Camp 100 at Bert Adams Scout Camp
To help the county balance its budget, Newton County Interim Manager Lloyd Kerr asked the board of commissioners (BOC) to initiate a hiring freeze on open positions.
The freeze would be on all positions available within the county, but no currently filled. The freeze excludes entry level positions in public safety.
“The county financial situation is such that we need to take a look at every penny that we can save,” Kerr said. “And we also need to look at measures that we would not normally like to take,”
Kerr said the freeze could save the county $1.2 million on an annual basis.
The freeze would not affect a position that was to become open if someone currently holding that position were to leave.
There is currently not a precise timetable on the end of the freeze.
“I would hope that we would not have to hold [the hiring freeze] for the entire year,” Kerr said. “But I believe we have to be prudent now and save existing money for the rest of the fiscal year and as we move into the next fiscal year.”
New building for juvenile court
Newton County’s Juvenile Court will have a new building constructed for offices, rather than be housed in a rehabilitated R.L. Cousins School building after a vote by the BOC Tuesday.
A remodel of the R.L. Cousins School for juvenile court offices was included, and passed, in the 2011 Special Purpose Local Option Sales Tax (SPLOST). However after receiving estimates of the cost of a remodel, Lloyd Kerr and his staff determined that the cost of constructing a new building will be more cost effective.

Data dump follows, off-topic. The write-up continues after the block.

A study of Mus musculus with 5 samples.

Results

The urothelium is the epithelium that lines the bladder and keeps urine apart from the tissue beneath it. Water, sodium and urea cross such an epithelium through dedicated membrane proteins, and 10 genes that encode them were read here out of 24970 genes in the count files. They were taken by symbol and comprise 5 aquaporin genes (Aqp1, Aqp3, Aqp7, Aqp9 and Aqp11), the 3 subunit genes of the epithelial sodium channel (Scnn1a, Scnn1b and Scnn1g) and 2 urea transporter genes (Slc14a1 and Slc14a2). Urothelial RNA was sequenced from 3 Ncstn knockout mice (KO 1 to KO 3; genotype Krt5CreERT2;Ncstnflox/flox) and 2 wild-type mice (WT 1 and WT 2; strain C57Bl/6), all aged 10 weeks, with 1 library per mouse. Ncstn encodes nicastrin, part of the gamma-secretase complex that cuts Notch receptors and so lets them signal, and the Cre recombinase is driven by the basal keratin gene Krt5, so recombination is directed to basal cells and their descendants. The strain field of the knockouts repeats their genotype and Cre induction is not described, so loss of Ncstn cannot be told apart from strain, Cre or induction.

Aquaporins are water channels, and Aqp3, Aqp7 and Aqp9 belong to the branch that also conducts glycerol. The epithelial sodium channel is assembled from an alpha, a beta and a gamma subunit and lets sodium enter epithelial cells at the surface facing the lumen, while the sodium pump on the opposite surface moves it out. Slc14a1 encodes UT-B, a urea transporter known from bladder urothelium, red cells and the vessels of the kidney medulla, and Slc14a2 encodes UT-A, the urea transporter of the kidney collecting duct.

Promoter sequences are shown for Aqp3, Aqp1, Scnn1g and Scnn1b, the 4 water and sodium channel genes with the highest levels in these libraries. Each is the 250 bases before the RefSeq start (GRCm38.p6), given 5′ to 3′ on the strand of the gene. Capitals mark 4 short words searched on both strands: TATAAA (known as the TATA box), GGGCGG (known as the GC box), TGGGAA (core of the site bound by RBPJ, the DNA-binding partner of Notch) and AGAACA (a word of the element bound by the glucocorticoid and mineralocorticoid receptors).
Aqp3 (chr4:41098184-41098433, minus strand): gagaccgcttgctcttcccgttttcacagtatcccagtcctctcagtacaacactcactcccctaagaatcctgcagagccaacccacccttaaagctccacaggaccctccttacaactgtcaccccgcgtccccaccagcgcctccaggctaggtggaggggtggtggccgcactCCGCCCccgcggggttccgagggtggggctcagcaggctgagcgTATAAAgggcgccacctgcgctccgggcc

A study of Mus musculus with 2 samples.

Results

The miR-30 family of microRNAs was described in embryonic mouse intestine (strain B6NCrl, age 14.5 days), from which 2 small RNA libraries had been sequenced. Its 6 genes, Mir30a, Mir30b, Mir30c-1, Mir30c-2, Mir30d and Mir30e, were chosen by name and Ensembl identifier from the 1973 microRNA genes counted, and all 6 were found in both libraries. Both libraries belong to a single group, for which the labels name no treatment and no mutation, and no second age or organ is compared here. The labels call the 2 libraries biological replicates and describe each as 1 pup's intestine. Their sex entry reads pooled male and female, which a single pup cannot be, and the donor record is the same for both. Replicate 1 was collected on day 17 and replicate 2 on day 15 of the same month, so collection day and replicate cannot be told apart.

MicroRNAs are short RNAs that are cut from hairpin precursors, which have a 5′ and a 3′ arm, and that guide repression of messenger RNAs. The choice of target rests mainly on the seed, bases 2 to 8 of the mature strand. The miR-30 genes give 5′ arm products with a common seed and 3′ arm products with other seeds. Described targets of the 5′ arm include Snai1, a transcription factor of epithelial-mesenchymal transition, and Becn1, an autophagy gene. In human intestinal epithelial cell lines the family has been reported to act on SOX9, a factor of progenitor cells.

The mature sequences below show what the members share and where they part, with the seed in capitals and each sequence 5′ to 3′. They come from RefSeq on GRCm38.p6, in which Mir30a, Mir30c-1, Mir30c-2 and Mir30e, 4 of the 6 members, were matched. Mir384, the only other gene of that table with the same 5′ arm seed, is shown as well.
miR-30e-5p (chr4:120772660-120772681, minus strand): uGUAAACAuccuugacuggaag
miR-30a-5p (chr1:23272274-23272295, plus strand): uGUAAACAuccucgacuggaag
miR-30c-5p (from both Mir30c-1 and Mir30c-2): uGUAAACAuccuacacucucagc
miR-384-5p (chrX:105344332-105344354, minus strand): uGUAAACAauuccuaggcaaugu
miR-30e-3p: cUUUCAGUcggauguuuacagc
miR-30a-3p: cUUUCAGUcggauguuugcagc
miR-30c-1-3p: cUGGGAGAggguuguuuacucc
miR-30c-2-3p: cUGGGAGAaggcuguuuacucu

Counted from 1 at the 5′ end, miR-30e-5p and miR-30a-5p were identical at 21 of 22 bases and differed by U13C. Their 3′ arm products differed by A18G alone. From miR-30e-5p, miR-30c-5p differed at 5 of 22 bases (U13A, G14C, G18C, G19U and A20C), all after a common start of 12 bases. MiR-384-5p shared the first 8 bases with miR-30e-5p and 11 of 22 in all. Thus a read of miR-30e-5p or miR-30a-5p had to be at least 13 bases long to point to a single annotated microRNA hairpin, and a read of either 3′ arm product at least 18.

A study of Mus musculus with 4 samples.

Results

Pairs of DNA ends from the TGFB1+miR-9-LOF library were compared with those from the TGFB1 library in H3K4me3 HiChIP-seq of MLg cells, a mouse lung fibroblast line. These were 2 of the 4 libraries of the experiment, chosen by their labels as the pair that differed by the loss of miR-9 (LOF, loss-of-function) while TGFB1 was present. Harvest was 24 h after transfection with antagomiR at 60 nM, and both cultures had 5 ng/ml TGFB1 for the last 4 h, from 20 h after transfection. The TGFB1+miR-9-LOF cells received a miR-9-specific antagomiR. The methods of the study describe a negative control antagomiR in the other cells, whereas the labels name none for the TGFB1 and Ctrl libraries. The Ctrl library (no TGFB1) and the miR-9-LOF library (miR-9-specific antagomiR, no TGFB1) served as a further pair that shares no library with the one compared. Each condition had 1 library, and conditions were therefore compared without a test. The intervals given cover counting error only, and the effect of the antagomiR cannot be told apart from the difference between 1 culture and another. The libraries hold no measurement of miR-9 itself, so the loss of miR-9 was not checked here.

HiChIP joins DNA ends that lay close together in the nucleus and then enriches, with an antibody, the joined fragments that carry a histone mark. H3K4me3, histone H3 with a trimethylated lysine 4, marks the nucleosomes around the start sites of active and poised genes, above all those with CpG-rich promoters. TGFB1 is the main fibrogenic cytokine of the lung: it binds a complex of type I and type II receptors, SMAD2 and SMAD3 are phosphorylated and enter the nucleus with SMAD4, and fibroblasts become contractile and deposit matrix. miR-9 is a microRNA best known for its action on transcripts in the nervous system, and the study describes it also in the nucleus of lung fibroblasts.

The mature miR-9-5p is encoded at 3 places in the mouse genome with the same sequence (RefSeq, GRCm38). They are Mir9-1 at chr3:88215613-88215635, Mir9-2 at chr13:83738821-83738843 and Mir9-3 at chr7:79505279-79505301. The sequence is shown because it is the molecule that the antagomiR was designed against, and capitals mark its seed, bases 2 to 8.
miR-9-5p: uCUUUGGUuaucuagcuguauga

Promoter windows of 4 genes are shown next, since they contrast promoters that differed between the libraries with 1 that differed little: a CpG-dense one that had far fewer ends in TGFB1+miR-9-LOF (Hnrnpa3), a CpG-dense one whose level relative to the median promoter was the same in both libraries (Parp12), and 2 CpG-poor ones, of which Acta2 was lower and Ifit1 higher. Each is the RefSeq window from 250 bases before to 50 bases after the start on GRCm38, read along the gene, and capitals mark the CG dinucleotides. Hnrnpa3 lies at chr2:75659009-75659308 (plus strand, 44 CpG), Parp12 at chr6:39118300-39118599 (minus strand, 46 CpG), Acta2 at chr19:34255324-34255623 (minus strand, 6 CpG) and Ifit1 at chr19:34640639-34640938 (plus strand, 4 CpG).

“The existing building is not a candidate for rehabilitation,” Kerr said. “We would like to use the funds for construction toward a new facility.”
The BOC approved a resolution, 4-1, with District 4 Commissioner J.C. Henderson voting against, to change language in the SPLOST funding agreement from remodel to new construction.
Henderson asked legal if the change could be made due to rules regarding the spending of SPLOST finances.
“In this situation we’re not looking to substantially change the project,” There’s pertinent case law that the county made reasonable discretion in adjusting the plan.”
The budget amount will still be the same, and the use of the money will still be the same, keeping the SPLOST spending legal, according to county attorney Megan Martin.
Purchasing policy amended
Any expenditure by Newton County in excess of $1 million will need to be approved in two consecutive meetings by at least four commissioners.
That new rule for the BOC was an amendment to the county’s purchasing policy that came after a 5-0 approval Tuesday night.
“The board over the years has been not too hesitant to spend a lot of money on different projects,” District 1 Commissioner John Douglas said. “One particular has been going on for about 18 years or so. It behooves the board of commissioners, this board and future boards, that if we’re going to spend more than $1 million we need to talk about it over two meetings.”
Douglas stated the reason for having spending on large ticket items come in front of the BOC twice is to enable the board to give it a second thought and to allow involvement form the public who would have two weeks to find out about the expenditure.
“I think it’s very important we be better stewards with our money,” Douglas also asked for two consecutive meetings and a super-majority of four commissioners for the hiring of “executive level talent”.
According to Martin, this new policy will be on the BOC’s appointments.
“This puts to the BOC and people front and center when we hire, for example a county attorney or county manager, that we are making double-dog sure we’re hiring the right person,” Douglas said.
The amendment to that policy passed 5-1 with Henderson voting against.
Funds for NCSO
During Tuesday night’s consent agenda, two items were approved to benefit the Newton County Sheriff’s Office.
The BOC unanimously approved to apply for a $54,571 Bulletproof Vest Partnership grant and a $710,451.27 Fiscal Year 2016 COPS Hiring Grant.
Also during the consent agenda, which allows commissioners to pass or deny a number of grant approvals, board appointments and minutes all at one time, Sarah Dauby was named to the Library Board as the District 1 appointment.